Art School by M4SK 22.
Music and video by David Moss and Simon Woolham.
Art School is a film about the new art school building at Manchester Metropolitan University featuring some footage shot by Simon at the empty new building and incorporating video made by myself while studying Fine Art at the art school in the late 90s. The film also uses imagery by some ex students of the art school. The music is an improvised meditative Blues. The way we create music is by sending music files over the internet, responding to each others ideas and building the song out of these improvised transmissions.
It’s a film about the history of the art school as experienced by myself and Simon Woolham. It’s a film about the role of the student in social history, and about the important element that defines the student situation; that element being time. Since the abolishment of student grants and tuition fees, the student who isn’t independently wealthy is forced to go into debt and often into employment while studying. This imposed situation changes the time which was once a student’s right. Instead of an open time period in which to research and practice, and explore around and beyond the the University social environment, the student who is not independently wealthy is now coerced into pseudo-cyclical time, the illusion of time that society labours under. This destruction of the free time once afforded by right to the masses can be seen as a deliberate conditioning of the student body politic towards a socially responsible behaviour pattern. This social responsibility is inauthentic as it is responsible only to the projected facade of the social reality.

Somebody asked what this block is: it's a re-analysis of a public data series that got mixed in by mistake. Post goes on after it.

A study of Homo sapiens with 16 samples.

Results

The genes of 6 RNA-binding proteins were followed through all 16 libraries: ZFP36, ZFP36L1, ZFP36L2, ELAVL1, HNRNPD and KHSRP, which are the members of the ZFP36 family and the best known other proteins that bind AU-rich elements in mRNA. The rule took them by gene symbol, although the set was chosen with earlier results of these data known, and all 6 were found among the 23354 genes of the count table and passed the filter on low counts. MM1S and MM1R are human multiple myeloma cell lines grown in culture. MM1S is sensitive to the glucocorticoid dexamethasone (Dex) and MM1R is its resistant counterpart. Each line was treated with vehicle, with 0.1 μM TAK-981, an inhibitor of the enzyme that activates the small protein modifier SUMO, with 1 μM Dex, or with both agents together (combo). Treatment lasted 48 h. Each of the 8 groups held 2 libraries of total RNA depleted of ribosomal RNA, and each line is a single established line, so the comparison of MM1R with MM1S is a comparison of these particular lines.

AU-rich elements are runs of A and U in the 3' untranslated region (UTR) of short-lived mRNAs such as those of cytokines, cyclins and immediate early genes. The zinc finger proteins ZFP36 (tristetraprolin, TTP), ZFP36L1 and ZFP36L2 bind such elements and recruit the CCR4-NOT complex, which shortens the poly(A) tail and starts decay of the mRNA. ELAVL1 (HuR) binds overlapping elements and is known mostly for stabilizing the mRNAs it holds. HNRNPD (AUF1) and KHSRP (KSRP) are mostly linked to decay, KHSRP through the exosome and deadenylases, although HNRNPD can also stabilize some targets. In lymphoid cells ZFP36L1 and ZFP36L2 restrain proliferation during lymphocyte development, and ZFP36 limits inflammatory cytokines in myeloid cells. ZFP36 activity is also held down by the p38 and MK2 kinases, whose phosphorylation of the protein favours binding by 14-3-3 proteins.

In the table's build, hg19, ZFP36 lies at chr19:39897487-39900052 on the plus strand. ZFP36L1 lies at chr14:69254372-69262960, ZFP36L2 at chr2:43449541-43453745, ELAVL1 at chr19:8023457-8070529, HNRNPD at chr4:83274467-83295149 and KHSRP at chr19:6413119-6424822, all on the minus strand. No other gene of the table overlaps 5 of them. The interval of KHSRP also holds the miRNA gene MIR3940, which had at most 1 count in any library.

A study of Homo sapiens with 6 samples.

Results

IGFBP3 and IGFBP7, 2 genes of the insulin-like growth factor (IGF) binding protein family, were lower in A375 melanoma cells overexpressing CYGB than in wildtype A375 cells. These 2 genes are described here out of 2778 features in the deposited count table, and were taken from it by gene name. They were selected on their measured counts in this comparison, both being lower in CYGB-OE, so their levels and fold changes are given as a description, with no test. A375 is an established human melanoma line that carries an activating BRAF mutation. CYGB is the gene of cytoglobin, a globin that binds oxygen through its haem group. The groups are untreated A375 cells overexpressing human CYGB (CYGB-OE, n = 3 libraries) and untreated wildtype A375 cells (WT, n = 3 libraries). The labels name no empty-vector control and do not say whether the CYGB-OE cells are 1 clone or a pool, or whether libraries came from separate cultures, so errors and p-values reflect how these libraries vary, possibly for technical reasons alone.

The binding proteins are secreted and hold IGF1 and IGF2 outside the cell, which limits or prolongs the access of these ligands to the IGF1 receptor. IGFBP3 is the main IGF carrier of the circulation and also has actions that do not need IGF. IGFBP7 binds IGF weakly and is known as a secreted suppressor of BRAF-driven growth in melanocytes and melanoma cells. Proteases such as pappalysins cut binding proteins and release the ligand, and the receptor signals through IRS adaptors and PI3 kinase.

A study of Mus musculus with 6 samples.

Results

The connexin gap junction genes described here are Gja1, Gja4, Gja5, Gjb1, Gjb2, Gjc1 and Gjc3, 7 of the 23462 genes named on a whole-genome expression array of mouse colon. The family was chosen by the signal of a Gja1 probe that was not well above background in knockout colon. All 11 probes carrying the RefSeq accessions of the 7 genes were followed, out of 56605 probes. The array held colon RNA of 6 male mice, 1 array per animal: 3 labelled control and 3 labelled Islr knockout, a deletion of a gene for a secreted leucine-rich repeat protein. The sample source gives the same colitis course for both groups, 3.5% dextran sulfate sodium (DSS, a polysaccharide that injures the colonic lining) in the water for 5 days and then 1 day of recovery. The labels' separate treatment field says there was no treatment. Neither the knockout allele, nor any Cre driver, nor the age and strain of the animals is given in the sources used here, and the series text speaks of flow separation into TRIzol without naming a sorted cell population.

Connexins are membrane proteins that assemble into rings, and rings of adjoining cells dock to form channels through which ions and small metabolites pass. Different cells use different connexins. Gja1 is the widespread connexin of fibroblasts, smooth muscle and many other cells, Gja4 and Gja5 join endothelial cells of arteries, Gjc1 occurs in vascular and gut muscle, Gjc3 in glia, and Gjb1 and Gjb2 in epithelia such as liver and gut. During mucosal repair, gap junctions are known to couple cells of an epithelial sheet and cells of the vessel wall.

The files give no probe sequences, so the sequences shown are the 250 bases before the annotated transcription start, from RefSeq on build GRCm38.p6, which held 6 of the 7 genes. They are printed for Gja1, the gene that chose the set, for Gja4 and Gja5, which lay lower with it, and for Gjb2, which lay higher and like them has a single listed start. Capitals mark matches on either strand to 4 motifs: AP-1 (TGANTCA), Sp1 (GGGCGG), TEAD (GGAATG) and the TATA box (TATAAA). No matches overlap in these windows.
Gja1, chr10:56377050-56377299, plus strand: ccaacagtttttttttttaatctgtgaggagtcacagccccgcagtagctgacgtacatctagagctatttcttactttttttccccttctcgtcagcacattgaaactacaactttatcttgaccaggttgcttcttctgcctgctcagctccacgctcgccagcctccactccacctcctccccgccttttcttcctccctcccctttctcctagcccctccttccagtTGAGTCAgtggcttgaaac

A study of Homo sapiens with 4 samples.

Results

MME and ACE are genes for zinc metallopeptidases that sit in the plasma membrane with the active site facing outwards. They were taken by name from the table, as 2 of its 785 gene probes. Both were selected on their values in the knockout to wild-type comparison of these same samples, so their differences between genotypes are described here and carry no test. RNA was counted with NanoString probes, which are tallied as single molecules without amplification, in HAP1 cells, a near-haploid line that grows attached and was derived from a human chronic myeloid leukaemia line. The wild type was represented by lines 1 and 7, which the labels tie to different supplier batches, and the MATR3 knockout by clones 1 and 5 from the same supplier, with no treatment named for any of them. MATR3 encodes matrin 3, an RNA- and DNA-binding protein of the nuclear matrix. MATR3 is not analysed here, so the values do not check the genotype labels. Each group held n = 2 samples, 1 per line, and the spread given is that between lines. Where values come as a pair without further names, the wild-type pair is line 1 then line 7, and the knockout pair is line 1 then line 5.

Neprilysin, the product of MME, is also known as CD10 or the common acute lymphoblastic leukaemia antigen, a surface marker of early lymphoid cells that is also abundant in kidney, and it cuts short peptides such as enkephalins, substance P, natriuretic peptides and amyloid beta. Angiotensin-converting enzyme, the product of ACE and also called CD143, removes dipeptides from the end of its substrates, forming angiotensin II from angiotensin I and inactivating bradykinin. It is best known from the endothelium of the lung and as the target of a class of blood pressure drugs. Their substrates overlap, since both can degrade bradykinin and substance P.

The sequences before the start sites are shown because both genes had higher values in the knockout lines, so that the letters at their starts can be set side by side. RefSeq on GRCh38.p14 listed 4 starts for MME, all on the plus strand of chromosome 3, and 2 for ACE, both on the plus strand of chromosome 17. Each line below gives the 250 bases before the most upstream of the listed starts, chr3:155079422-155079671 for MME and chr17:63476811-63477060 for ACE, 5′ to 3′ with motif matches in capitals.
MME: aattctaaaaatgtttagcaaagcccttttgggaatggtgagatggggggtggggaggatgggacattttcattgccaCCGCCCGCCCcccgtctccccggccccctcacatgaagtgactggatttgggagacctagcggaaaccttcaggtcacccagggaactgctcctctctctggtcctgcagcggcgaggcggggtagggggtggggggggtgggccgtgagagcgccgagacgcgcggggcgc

In the art school this mediation by the apparitions of economy seeps into the mental studio space, painting the walls with invisible signs displaying threatening messages, disguised as professional careers advice, selling the alluring lie that the way to survive and prosper through the production of art, is to produce art that conforms to the standards demanded by the society. Prosperity here is measured by the potential for success as an art star, the commercial myth of the artist. This aspirational art that surrounds us, mediated by market forces, is always devoid of the radical edge that could oppose the social illusion. The glamour of radicalism becomes a marketing device.
In historic terms, the once radical student is removed from the time necessary to fully develop political consciousness and that development is replaced by the student as commodity prepared for entering the marketplace already shackled to the economy by debt. This can be seen as a deliberate plan to negate student radicalism and the development of a counter culture. This plan has slowed the natural movement towards radicalism, dovetailing with the proliferation of commercially motivated state approved causes.
There is still time. That precious un-commodified time that is necessary for the process of self realisation and the development of a political consciousness is impossible to contain, therefore it is impossible to destroy, so only the means of access to this constant time are temporarily blockaded. There is still time.